Rates to reflect property value changes

GLENN CONWAY
Last updated 13:43 21/06/2012


The Government said today it had approved an order in council that will give the city council more flexibility in setting rates as earthquake-damaged buildings are demolished and new ones built.

The Canterbury Earthquake (Rating) Order 2012 has been included in the council's draft annual plan, which will go before city councillors for approval next week.

Under the order, the council will be able to reassess rates during the year, rather than only at the start of the financial year.

It could reduce rates on a demolished property to land value, or it could increase rates on a property once construction was complete and the property was in use, or when the land was subdivided.

Currently, rates are adjusted annually and revaluations occur every three years.

Local Government Minister David Carter said the move created a more equitable rating base.

It meant rates could be more closely aligned with the true value of a property at any time.

"The Canterbury earthquakes have had a significant impact on the nature and speed of building activity in Christchurch, but this cannot be reflected in the current rating system,'' he said.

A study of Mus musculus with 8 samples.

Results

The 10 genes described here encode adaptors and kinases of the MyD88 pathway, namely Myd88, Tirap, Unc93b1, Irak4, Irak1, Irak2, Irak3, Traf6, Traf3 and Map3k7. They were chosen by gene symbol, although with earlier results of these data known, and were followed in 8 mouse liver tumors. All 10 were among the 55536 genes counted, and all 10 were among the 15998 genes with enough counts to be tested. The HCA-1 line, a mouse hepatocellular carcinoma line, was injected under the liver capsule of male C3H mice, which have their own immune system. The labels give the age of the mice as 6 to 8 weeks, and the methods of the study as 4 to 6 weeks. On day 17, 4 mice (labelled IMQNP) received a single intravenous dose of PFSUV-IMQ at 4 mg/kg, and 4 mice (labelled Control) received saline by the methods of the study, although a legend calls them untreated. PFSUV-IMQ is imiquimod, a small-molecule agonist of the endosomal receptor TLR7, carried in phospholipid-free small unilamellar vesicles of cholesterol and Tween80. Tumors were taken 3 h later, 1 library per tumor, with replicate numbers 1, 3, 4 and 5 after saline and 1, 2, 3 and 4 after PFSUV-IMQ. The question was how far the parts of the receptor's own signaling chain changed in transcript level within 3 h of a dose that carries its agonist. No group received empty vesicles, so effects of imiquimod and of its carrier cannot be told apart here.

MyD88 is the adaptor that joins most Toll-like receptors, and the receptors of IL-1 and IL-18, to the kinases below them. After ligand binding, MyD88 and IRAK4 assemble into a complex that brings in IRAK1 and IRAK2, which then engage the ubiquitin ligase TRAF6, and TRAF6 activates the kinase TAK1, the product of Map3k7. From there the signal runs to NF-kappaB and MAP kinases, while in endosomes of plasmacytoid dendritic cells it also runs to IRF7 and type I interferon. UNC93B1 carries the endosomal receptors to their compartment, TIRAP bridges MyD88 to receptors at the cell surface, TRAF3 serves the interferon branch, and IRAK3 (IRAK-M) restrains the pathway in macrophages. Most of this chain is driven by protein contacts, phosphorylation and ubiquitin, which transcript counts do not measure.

"The order in council will allow rates to immediately reflect changes in the rateable value of properties.''

The order would not affect those eligible for the council's 40 per cent rates remission on uninhabitable residential properties, he said.

"The earthquakes have resulted in Christchurch City Council forgoing a significant portion of its rating base. This is a way of collecting rates more fairly as redevelopment gathers pace,'' he said.

Mayor Bob Parker said the decision made sense.

"Thousands of demolitions and rebuilds will be carried out in Christchurch in coming years and it makes sense that the rates we charge actually reflect the status of the property," he said.

If the property's capital value was found to have changed, rates for the property would be reassessed on the first of the following month.

The reassessed rates would then apply for the remainder of the rating year.